Services for former City Councilwoman Happy Fernandez are this Sunday, January 27th at 2 p.m., at the Germantown Jewish Center, 400 W. Ellet St., in Philadelphia’s Mt. Airy section. The public is invited.
The family requests that no flowers, food or gift be sent but suggested that those who wish to honor Happy consider a donation to one of the following organizations:
Here’s a piece I posted Saturday, after I learned of Happy’s passing:
Remembering Happy Fernandez
I remember standing in a city hall corridor in 1987 when Happy Fernandez first announced her candidacy for City Council. She’d made enough of name for herself as an education and community activist that the city’s leading political reporters showed up for the event, but they looked on with patronizing smiles. Nice lady, but she’d never make it.
They underestimated her.
Five years later she was sworn in for the first of two terms in City Council, and in 1999 she waged a credible campaign for mayor, the first and so far only woman in Philadelphia to do so.
Happy died today of complications from a stroke. She was 73.
After her mayoral run, Happy had spent 13 years as president of the Moore College of Art & Design. I’d see her now and then at events, and remember her days in politics. She was a progressive with guts, one who wanted to master the political game and get results.
“She decided that she was not going to be in politics only to do and say the right things,” her former campaign manager and chief of staff Ken Weinstein told me today. “She was there to win and make a difference, and she knew that in order to do that you needed to play ball and play it hard, and Happy played it very well.”
Her accomplishments in City Council came less in the legislative arena than in her abilty to push good policies along, and give them voice. She did a lot for child care, and recycling, and she was a rational voice on every major issue. She recruited and inspired a lot of promising young women to get into politics, and she was a totally badass tennis player.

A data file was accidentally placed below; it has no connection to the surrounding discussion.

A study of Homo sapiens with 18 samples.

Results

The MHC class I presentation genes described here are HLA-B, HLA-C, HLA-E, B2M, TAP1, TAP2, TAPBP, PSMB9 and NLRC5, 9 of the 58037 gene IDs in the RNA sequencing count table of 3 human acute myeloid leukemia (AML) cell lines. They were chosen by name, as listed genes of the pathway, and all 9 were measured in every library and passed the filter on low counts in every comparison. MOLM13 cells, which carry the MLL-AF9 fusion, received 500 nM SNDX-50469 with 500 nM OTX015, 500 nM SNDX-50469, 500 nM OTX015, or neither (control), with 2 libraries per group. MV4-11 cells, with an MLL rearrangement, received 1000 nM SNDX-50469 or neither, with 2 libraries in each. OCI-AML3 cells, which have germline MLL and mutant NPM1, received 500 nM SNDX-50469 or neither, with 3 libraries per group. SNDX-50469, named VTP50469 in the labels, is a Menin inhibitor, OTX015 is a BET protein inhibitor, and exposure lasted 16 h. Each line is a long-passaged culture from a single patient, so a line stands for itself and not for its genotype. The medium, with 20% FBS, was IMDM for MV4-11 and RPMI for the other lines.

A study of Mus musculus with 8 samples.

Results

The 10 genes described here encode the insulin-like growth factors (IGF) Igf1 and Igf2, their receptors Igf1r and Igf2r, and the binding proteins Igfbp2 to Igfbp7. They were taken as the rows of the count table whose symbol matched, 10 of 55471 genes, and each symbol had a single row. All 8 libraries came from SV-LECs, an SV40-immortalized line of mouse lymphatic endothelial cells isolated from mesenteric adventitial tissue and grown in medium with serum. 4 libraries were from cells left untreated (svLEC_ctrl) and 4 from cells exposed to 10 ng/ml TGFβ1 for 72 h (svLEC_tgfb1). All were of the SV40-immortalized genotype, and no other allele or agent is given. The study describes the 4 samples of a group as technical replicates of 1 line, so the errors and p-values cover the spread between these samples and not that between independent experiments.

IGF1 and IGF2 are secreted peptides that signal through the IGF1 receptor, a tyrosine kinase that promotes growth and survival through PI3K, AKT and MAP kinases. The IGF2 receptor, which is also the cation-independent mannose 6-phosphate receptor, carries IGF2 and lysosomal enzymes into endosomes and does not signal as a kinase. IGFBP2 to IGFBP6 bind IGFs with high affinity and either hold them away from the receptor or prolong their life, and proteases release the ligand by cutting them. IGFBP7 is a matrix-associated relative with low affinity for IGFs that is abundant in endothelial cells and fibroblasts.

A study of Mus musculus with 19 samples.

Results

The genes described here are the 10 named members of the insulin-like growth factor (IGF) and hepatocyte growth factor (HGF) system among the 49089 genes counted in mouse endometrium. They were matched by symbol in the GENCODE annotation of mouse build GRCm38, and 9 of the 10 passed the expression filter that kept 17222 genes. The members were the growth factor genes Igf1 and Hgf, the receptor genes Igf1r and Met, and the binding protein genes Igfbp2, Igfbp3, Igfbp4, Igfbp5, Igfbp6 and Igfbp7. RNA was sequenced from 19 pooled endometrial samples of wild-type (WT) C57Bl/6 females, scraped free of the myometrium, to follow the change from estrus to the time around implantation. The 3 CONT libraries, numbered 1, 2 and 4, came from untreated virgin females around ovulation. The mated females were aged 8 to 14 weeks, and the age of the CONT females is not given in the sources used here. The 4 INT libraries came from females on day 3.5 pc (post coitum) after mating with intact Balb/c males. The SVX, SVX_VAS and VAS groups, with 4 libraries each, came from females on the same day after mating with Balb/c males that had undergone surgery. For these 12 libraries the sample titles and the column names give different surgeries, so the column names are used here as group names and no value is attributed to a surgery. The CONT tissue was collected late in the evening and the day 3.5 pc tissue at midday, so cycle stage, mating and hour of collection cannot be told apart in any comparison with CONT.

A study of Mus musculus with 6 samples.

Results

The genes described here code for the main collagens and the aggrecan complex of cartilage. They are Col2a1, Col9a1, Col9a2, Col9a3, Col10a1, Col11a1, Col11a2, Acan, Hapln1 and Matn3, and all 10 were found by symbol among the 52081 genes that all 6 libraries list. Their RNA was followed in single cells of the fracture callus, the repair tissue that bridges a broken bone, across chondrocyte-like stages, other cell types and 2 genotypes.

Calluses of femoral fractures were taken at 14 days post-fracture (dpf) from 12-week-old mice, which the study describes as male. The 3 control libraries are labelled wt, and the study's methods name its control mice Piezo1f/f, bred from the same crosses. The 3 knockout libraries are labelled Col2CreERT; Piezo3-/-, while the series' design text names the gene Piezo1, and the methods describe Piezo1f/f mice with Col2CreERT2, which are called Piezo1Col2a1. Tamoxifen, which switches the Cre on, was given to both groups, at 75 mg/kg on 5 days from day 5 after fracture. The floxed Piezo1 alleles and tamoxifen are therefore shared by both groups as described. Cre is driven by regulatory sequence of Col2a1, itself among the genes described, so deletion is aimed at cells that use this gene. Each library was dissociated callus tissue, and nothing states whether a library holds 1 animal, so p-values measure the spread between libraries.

Happy ran for mayor in 1999 as Ed Rendell was finishing his second term. The big dogs in the race were former City Council President John Street and Marty Weinberg, the power lawyer who’d been a confidante of Mayor Frank Rizzo and came with plenty of money and political backing.
The charter requires that you live in Philadelphia for three years before taking the mayor’s office, and it was widely believed that Marty had been living in the suburbs, though he had a Philadelphia voting address. Happy filed a lawsuit challenging Weinberg’s residency. Like I said, she had guts.
The suit didn’t knock Weinberg off the ballot, but it tarnished his credibility, and he came up short in the primary, losing to Street. Happy finished fourth in a field of five, but she never regretted leaving Council to make her move.
“She felt very strongly that women and progressives needed to step up and run for office,” Weinstein said.
I once asked Happy if she had any regrets about her political career. She paused for a moment, and said she wished she hadn’t waited so long before she first ran for office.
The end for Happy was sudden and sad. She’d been healthy and fit, but was diagnosed recently with lung cancer. After successful surgery, she was telling friends she’d be playing tennis again soon, and nobody doubted her. Then she suffered a terrible stroke and moved into hospice for her final days.
She left her mark on Philadelphia politics, and influenced many lives for the better. Here’s to you, Happy.
Happy Fernanedez is survived by her husband, Reverend Richard Hernandez, her three sons, John, David and Rich, and eight grandchildren.